The nature of event security has changed dramatically in recent years. A wave of bombings and shootings, and the growing impact of cybercrime, have led to a different perception of the threats. What can you do today to properly secure your event while ensuring that visitors still have the best possible time?
Where safety often used to be little more than an afterthought in the budget, today the topic gets a lot of attention, even at boardroom level. And rightly so: risks now come from many directions and can be extremely disruptive. We see an unfortunate confirmation of this in the news almost every week. And that says nothing about the things that remain invisible to us – the averted calamities and foiled cyberattacks. We are vulnerable, but there is much we can do together to keep events safe. So make sure safety is an integral part of your plan from day one.
Everything starts with identifying the risks. To do this, we use a simple list of seven questions for each event. The answers give an indication of the risk factors affecting the event. For example: How many people will attend? What is the background of the organisation? Are there any controversial speakers or guests? Is the topic politically sensitive? If any of these questions raises a red flag, we make sure to pay extra attention. This check is important to ensure that nothing is overlooked. For instance, we recently analysed a fun event with 400 children – simple and straightforward, at first sight. But when we took into account that the children shared a specific religious background, we knew that additional issues would need to be kept in mind.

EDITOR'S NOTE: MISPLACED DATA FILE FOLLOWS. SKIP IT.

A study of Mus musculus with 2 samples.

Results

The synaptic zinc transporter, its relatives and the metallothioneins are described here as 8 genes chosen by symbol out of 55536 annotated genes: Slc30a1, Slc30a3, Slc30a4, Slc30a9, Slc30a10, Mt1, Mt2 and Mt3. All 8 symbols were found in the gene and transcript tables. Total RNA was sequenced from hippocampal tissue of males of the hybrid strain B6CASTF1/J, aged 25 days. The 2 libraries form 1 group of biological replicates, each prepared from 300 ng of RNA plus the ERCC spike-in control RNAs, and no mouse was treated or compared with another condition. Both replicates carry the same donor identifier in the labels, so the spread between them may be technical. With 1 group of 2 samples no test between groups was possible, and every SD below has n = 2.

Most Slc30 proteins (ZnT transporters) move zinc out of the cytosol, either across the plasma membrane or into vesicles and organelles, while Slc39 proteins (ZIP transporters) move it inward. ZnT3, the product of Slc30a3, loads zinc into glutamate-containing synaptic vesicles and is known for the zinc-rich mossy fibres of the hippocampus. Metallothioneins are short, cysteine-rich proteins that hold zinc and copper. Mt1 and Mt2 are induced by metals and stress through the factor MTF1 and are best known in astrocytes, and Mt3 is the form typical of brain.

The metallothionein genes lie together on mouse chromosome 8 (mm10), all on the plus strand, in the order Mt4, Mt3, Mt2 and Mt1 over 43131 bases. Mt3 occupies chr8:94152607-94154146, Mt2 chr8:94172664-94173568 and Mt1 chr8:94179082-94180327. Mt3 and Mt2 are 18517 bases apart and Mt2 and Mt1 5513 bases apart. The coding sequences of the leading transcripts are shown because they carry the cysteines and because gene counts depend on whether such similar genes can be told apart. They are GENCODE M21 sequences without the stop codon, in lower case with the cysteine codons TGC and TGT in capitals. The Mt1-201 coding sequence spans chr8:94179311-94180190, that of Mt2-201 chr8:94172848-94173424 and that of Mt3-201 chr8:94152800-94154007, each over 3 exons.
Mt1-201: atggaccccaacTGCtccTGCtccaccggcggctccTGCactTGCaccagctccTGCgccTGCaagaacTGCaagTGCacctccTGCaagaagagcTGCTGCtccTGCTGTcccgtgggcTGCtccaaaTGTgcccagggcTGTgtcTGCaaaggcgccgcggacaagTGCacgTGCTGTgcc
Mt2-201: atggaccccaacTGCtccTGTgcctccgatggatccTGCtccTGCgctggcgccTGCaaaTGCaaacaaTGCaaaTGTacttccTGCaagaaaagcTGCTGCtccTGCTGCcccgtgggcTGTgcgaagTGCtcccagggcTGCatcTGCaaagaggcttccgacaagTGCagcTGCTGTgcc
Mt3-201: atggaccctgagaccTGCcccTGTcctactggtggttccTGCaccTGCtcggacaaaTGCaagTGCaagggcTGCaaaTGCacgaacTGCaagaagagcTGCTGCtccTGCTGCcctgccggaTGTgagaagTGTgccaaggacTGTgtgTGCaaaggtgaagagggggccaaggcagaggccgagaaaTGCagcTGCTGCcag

The threat of attacks has increased markedly over recent years. Less visible, but equally important, is the threat of cybercrime or cyberattacks.
A security event in RAI Amsterdam recently explored this subject. A particular risk factor today is the way that the physical and digital worlds are so intertwined. Because a cyberattack can have enormous consequences in the real world, security is not just a matter for the safety & security manager. This is why I work closely with our IT manager Bret Baas. The main principle of our IT approach to safety is to not give intruders a chance in the first place. Make sure your IT system is not in open communication with procedures affecting visitors or exhibitors, preventing contagion of an event should a hack or attack occur.